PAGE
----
The Louvre museum in Paris is paying tribute to the architect of its giant glass pyramid, Ieoh Ming (I.M.) Pei, who has died aged 102.

The Louvre's employees will gather on Friday afternoon under the pyramid to commemorate Mr Ieoh.

In a statement, the museum said Mr Ieoh followed in the footsteps of acclaimed architects who have shaped the palace since the 12th century, "leaving an indelible mark on the museum with his work that boldly took the Louvre into the modern era."

The museum posted archive pictures of Mr Ieoh on Twitter, including one with a caption that read: "For 30 years your entrance to the Louvre has evolved into an icon as famous as the Mona Lisa."

30 ans que vous insufflez au Louvre audace et modernité.
Merci Monsieur Pei.
For 30 years you have infused the Louvre with audacity and modernity.
Thank you Mr. Pei.

— Musée du Louvre (@MuseeLouvre) May 17, 2019

Appointed the chief architect of the new Grand Louvre project in 1983, Mr Ieoh designed an underground central reception area in the shape of a pyramid.


"His creations, which have become the Louvre's heart and lungs, have been instrumental in making this the world's leading museum," the statement said.

"I. M. Pei was a diligent, dependable architect and a true master of his craft," the museum said, adding, "his infectious smile will remain cherished in our memories."

Image: The Louvre Museum with its glass Pyramid entrance designed by I.M. Pei in Paris, France

Since its inauguration in 1989, the 22m (71f) faceted glass pyramid became one of the main landmarks in the French capital, but not without controversy.

Mr Ieoh's design was not accepted initially.

Then French president Francois Mitterrand, who personally selected Mr Ieoh for the project, endured a barrage of criticism when he unveiled the plan in 1984.

Many French vehemently opposed such a change to the symbol of their culture, once a medieval fortress and then a national palace.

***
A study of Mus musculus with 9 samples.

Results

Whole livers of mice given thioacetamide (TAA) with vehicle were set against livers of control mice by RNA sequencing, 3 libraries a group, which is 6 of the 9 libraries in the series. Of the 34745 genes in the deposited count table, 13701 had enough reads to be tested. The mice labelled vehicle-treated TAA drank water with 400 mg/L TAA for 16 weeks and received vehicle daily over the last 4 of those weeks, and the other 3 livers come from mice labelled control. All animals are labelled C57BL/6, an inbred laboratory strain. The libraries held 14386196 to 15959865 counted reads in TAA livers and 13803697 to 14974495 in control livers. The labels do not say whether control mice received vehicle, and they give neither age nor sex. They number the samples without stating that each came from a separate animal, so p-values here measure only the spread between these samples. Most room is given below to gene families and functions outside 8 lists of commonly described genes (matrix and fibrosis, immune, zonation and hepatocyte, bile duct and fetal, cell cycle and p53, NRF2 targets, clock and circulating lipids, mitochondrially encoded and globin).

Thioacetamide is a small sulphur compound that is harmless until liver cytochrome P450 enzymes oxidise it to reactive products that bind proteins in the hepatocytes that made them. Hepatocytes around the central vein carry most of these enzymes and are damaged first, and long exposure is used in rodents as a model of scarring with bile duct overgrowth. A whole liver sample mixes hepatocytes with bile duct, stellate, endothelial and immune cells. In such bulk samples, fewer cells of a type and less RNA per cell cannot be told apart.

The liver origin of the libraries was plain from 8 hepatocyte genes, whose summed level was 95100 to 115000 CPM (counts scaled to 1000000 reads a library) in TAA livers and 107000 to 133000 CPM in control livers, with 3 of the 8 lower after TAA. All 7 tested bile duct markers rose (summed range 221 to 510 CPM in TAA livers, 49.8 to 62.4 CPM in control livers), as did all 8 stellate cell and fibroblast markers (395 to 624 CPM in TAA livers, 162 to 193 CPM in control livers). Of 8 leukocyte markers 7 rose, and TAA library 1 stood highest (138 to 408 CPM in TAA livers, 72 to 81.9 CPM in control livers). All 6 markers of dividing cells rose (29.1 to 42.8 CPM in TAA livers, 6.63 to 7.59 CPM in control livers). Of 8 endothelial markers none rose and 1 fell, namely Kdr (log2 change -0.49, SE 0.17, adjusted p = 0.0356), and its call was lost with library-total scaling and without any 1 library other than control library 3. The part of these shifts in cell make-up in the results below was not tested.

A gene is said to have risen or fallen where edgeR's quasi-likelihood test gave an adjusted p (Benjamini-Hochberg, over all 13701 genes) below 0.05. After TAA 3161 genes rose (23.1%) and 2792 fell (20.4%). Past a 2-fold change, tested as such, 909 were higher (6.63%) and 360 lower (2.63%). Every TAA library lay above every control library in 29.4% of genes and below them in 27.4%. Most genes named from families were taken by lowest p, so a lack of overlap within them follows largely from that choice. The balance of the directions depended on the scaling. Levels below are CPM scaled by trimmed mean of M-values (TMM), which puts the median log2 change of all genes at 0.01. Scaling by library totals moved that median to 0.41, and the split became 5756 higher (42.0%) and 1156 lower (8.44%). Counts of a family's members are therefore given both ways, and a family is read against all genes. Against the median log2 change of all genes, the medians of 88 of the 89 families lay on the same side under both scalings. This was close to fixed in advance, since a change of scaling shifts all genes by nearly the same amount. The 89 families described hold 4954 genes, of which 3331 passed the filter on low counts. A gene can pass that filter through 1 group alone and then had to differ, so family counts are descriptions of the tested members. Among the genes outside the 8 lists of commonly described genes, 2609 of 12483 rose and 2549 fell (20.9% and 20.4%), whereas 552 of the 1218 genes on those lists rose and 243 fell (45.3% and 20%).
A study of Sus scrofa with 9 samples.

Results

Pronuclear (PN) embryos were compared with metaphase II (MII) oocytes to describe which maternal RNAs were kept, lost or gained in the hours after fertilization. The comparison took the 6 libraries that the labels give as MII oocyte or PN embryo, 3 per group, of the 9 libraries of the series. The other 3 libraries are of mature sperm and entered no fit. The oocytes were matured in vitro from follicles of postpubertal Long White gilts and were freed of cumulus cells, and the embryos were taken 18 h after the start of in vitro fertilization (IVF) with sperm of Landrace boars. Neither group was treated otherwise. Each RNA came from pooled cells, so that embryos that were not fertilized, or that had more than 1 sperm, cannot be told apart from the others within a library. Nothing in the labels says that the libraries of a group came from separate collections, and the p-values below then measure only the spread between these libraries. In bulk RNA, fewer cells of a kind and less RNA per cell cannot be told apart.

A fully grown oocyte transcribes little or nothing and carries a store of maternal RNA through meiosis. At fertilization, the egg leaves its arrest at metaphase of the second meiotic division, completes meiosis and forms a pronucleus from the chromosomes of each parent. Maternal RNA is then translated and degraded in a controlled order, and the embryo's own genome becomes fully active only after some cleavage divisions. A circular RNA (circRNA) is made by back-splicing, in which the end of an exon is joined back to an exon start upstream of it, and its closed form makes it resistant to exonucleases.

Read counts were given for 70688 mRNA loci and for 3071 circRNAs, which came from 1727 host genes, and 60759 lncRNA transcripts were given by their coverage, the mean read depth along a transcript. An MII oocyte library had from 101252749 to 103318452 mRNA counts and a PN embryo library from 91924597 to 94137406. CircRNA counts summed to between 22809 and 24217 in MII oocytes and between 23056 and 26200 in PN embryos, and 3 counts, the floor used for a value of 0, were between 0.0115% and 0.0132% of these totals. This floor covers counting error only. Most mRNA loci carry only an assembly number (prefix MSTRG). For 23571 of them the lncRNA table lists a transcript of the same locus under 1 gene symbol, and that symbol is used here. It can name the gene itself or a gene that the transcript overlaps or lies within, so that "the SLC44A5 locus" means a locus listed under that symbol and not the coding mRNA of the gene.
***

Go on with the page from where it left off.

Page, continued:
Some resented that Mr Ieoh, a foreigner, was in charge.

But Mitterrand and his supporters prevailed and the pyramid was finished in 1989.

Mr Ieoh's architectural legacy stretches from west to east, from the Louvre museum to his native China, where he helped fuse tradition and modernity as the country opened up after the Cultural Revolution.

Some sad news: I’ve just learned that I.M. Pei died last night, at 102. The end of an architectural era, truly. A sad moment, but a career—and a life—worthy of celebration.

— Paul Goldberger (@paulgoldberger) May 16, 2019

He added elegance to landscapes worldwide with powerful geometric shapes and grand spaces.

Mr Ieoh, who as a schoolboy in Shanghai was inspired by its building boom in the 1930s, studied architecture at the Massachusetts Institute of Technology and Harvard University in the United States.

He advanced from his early work of designing office buildings, low-income housing and mixed-used complexes to a worldwide collection of museums, municipal buildings and hotels.

I.M. Pei designed Museum of Islamic Art in Doha, Qatar
Image: I.M. Pei designed Museum of Islamic Art in Doha, Qatar

His big break was in 1964, when he was chosen over many prestigious architects, such as Louis Kahn and Ludwig Mies van der Rohe, to design the John F. Kennedy Memorial Library in Boston.

At the time, Jacqueline Kennedy said all the candidates were excellent, "But Pei! He loves things to be beautiful."

The two became friends.

His works in Asia include the Fragrant Hill, or "Xiangshan" in Chinese, a museum in the southeastern Chinese city of Suzhou and the striking steel and glass Bank of China skyscraper in Hong Kong.

Bank of China tower designed by I.M. Pei (L)
Image: Bank of China tower designed by I.M. Pei (L)

A slight, unpretentious man, Mr Ieoh developed a reputation as a skilled diplomat, persuading clients to spend the money for his grand-scale projects and working with a cast of engineers and developers.

He was born on 26 April, 1917, in Canton, China, the city now called Guangzhou.

He went to the United States in 1935 with plans to study architecture, then return to practice in China.

However, World War II and the revolution in China prevented him from going back.

Mr Ieoh established his own architectural firm in 1955, a year after he became a U.S. citizen. He remained based in New York City.

Suzhou Museum, designed by I.M. Pei in Suzhou, in China's eastern Jiangsu province
Image: Suzhou Museum, designed by I.M. Pei in Suzhou, in China's eastern Jiangsu province

Mr Ieoh officially retired in 1990, but continued to work on projects.

He won prestigious Pritzker Architecture Prize in 1983. Mr Ieoh was also awarded the Presidential Medal of Freedom in 1992.

Mr Ieoh's wife, Eileen, whom he married in 1942, died in 2014. He is survived by his three children.